The Health Minister pushed ahead with giving full legal protection to the terminally ill to use cannabis, despite advice from the police asking for that particular provision to be delayed.
The legislation currently before Parliament, means anyone terminally ill will not have to rely on the discretion of the police or the courts if they're caught with cannabis.
If their case gets to court they can present certification from their practitioner to avoid prosecution.
Under the Bill the definition of "terminally ill" is that someone is likely to only have about 12 months to live.
Official papers obtained by RNZ show there were conflicting views among government agencies about how far the medicinal cannabis bill should go.
They show while the police supported giving terminally ill people "reassurance" they would not be prosecuted, in principle, they wanted the statutory defence deferred.
Police wanted to "ensure any legislative provision was workable" and that it would not create "unintended consequences".
However, Health Minister David Clark disagreed.
"The police suggested deferring because they're concerned about how these things are to be policed - that's their job - we of course are concerned to be compassionate in our response."
Futhermore, the Justice Ministry said it was a "concern" there was not legal protection for other people getting cannabis on behalf of someone who was terminally ill.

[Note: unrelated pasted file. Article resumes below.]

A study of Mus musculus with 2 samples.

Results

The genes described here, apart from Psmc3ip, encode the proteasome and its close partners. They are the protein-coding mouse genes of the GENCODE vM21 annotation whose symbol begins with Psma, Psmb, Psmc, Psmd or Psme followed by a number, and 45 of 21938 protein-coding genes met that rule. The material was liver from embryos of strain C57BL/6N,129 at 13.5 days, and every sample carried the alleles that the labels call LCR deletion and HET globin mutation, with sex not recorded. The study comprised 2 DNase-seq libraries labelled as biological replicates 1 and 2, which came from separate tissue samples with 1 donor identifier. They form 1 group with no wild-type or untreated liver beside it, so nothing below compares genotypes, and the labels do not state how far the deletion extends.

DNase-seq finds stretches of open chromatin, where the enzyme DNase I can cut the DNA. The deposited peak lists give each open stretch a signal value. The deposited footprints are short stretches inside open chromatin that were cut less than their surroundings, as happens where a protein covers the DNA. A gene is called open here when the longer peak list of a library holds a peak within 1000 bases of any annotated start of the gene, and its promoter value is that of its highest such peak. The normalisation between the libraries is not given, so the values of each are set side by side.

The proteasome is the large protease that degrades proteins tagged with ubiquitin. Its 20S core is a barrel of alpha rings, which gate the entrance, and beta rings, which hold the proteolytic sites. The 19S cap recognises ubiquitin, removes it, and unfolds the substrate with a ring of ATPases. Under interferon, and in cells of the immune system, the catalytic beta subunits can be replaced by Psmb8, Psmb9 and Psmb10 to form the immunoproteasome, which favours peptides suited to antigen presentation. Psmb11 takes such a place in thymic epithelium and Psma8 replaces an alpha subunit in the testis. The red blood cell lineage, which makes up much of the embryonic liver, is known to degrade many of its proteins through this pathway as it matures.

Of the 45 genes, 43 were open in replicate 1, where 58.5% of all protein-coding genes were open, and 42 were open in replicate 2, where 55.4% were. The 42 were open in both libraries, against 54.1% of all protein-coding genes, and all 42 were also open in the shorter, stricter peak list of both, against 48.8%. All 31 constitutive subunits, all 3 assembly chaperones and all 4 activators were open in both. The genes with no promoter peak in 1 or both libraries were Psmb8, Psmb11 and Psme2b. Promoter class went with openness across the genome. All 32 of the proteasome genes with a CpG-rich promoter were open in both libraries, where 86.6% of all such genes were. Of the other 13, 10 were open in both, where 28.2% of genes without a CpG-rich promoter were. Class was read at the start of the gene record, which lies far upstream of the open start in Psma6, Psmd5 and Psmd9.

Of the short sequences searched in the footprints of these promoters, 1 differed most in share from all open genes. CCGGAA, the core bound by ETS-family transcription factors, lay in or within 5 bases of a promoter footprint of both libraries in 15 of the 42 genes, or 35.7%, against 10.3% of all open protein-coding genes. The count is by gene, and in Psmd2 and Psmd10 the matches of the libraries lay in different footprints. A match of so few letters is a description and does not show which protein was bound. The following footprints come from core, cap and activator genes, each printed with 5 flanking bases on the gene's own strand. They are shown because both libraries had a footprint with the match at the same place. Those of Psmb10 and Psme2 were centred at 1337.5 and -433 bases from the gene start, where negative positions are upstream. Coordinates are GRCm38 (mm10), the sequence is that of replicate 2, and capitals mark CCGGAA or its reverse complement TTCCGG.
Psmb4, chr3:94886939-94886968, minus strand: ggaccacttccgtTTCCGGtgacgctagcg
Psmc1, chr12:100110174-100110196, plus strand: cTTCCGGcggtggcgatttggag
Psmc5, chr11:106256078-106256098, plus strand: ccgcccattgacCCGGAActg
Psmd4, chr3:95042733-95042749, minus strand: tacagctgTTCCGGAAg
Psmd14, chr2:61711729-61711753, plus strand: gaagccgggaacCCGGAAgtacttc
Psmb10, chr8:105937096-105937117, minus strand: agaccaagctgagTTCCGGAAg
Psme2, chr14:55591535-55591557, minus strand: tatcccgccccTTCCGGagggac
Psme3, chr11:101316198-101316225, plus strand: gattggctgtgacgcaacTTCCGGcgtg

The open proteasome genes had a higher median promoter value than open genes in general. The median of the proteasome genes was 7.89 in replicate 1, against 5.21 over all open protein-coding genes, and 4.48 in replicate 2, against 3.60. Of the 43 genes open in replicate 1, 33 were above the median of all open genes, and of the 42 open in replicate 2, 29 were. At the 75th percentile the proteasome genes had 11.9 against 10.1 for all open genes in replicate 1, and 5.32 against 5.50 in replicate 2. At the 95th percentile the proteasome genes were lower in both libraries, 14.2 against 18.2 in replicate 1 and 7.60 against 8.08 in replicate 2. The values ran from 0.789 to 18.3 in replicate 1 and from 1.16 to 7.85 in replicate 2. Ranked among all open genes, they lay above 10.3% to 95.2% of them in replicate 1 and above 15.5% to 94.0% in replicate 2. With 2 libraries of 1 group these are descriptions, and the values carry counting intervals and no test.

But the Health Ministry opposed the defence for friends and family saying that would "significantly broaden the proposal".
And it argued it could have unintended consequences:
"A person could set up a business supplying illicit cannabis to terminally ill people and argue that the exception and statutory defence cover this activity."
Nelson lawyer Sue Grey has represented many people charged with obtaining or possessing cannabis for medicinal purposes, and argued friends and family should also have the full legal protection.
"Because the sickest people can't supply themselves and to put their family under that intense pressure of prosecution for helping a dying or sick person is just completely unfair and unjustified."
Dr Clark said it was too difficult to extend the defence further, including defining exactly who would be supplying the cannabis in the broader network.
"And we preferred to favour the terminally ill and try to restrict, where possible, the supply of cannabis."
In a statement, police said they were "committed to preventing the harm caused by illegal drug use and associated offending".
They said they would work with the Ministry of Health "to support the implementation of a workable, safe and regulated regime".